MUMBAI, India — Indian Jesuit Father Stan Swamy marked 100 days in prison with a letter highlighting the cases of poor people languishing in jail who begin their trials without even knowing their criminal charges. reported Jan. 25 that in his letter to Jesuit colleagues, the 84-year-old priest also expressed gratitude for the “overwhelming” solidarity of his supporters as he completed 100 days in prison.

Swamy has been detained in Taloja Central Prison in Mumbai since Oct. 9. The human rights activist priest is charged with sedition and having links with outlawed Maoist rebels.

Along with Swamy, 15 other activists were arrested and jailed at different times for their alleged involvement in a violent incident in Bhima Koregaon Jan. 1, 2018. One person died and five were injured in the incident.

As Swamy completed 100 days in jail, rights groups across India organized peaceful candlelight marches, processions and webinars to mark his and other activists’ incarceration.

“First of all, I deeply appreciate the overwhelming solidarity expressed by many during these past 100 days behind bars,” the priest’s letter said.

“At times, news of such solidarity has given me immense strength and courage, especially when the only thing certain in prison is uncertainty. Life here is on a day-to-day basis.” report that, without speaking much about himself, Father Swamy’s letter referred to the “undertrials” — a term used in India to denote people in custody waiting for their trials to begin.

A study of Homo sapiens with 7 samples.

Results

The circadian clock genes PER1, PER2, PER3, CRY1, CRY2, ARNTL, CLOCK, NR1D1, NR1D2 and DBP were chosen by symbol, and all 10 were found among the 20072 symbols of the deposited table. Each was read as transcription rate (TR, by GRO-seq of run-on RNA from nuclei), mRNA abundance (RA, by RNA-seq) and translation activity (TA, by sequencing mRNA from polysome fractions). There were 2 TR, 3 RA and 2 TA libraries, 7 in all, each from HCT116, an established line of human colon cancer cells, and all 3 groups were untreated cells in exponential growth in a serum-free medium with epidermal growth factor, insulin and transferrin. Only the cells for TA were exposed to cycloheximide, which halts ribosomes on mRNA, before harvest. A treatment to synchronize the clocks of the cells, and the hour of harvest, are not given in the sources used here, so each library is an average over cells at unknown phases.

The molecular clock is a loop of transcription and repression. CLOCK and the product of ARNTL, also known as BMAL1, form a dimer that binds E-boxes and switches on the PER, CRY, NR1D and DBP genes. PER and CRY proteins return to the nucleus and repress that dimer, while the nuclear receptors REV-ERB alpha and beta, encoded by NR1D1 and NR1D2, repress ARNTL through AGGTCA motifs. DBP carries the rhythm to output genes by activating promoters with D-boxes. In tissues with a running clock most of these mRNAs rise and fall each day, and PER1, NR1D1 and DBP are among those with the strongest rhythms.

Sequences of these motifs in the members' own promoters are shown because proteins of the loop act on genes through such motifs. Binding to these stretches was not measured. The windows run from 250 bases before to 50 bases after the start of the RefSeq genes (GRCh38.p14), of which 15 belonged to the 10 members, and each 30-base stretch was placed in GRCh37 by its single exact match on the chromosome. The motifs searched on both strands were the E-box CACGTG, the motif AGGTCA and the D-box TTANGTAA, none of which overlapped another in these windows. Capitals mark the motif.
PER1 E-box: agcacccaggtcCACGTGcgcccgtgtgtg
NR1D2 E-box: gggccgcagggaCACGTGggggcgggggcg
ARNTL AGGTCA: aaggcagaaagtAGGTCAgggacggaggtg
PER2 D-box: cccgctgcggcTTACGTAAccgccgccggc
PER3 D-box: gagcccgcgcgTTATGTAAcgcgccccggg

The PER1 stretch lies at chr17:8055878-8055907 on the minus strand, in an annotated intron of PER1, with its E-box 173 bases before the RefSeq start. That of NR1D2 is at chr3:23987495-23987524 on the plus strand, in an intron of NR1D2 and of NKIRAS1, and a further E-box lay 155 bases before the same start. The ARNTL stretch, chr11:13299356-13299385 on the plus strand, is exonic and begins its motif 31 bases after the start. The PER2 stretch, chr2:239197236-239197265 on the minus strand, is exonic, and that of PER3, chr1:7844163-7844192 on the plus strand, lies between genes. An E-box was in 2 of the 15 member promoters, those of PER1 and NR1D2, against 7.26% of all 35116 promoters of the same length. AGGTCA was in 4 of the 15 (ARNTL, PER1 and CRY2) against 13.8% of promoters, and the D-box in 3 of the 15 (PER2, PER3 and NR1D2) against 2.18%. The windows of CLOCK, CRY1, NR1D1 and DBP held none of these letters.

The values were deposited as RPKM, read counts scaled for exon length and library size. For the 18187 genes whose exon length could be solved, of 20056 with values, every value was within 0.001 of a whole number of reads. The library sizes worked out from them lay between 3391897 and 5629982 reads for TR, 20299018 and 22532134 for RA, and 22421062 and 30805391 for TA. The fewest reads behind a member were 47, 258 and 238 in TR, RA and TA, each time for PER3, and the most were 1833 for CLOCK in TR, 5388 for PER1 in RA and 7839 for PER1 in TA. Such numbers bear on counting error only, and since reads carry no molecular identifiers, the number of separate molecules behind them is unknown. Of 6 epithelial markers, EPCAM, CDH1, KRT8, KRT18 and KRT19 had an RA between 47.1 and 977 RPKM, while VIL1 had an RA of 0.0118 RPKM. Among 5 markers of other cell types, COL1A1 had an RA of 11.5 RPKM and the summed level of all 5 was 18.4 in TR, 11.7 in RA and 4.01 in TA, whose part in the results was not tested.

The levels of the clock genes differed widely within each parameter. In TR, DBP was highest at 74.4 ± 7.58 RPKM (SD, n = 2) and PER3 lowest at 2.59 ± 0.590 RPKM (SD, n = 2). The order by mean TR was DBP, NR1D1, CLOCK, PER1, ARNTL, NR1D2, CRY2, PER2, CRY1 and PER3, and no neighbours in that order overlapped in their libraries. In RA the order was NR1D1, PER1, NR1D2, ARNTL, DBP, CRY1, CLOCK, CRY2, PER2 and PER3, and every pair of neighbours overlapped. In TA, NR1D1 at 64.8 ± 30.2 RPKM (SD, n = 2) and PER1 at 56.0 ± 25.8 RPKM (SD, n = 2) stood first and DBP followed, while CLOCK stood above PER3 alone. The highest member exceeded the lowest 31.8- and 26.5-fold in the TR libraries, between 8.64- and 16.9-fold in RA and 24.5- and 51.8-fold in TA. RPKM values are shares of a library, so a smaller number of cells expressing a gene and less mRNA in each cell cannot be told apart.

“Many such poor undertrials don’t know what charges have been put on them, have not seen their charge sheet and just remain in prison for years without any legal or other assistance,” he wrote.

The undertrials are his strength in prison, the priest said.

Published data shows that at the end of 2019, India had more than 100,000 people in prison who had been waiting for trials for a year or more.

“A majority of them come from economically and socially weaker communities,” Swamy wrote, alluding to their lack of education and money to seek a lawyer’s service.

“Overall, almost all undertrials are compelled to live to a bare minimum, whether rich or poor. This brings in the sense of brotherhood and communitarianism where reaching out to each other is possible even in this adversity.

“On the other hand, we 16 co-accused have not been able to meet each other as we are lodged in different jails or different ‘circles’ within the same jail. But we will still sing in chorus. A caged bird can still sing.”

The ailing Jesuit has also written a couple of letters and poems from jail, narrating his plight and those of others.

“Father Swamy is always an inspiration for all of us,” Father A. Santhanam, a Jesuit lawyer who is closely monitoring the case, told Jan. 24.

“He has taught us how a missionary should be even in the adverse situation he is in.”

A special court of the National Investigation Agency, the federal anti-terror agency that jailed the priest, has denied Father Swamy bail several times. He has Parkinson’s disease and other age-related illnesses.

The priest took with him a sipper-cup to drink liquids such as tea, as he had shaking hands because of his disease. Authorities took it away and provided him with a sipper-cup only after a sustained campaign by rights groups and media.

Sipper-cups with Swamy’s images and badges with slogans such as “Release all political prisoners” and “Release BK16” were also released as part of the campaign.

Activists are demanding the repeal of the Unlawful Activities Prevention Act, a stringent law under which Father Swamy was booked.

Santhanam said it was “unfortunate that the priest’s just demand for bail is not accepted and he was forced to put up with innumerable struggles in the jail.”

The campaign to release Swamy will continue, he said.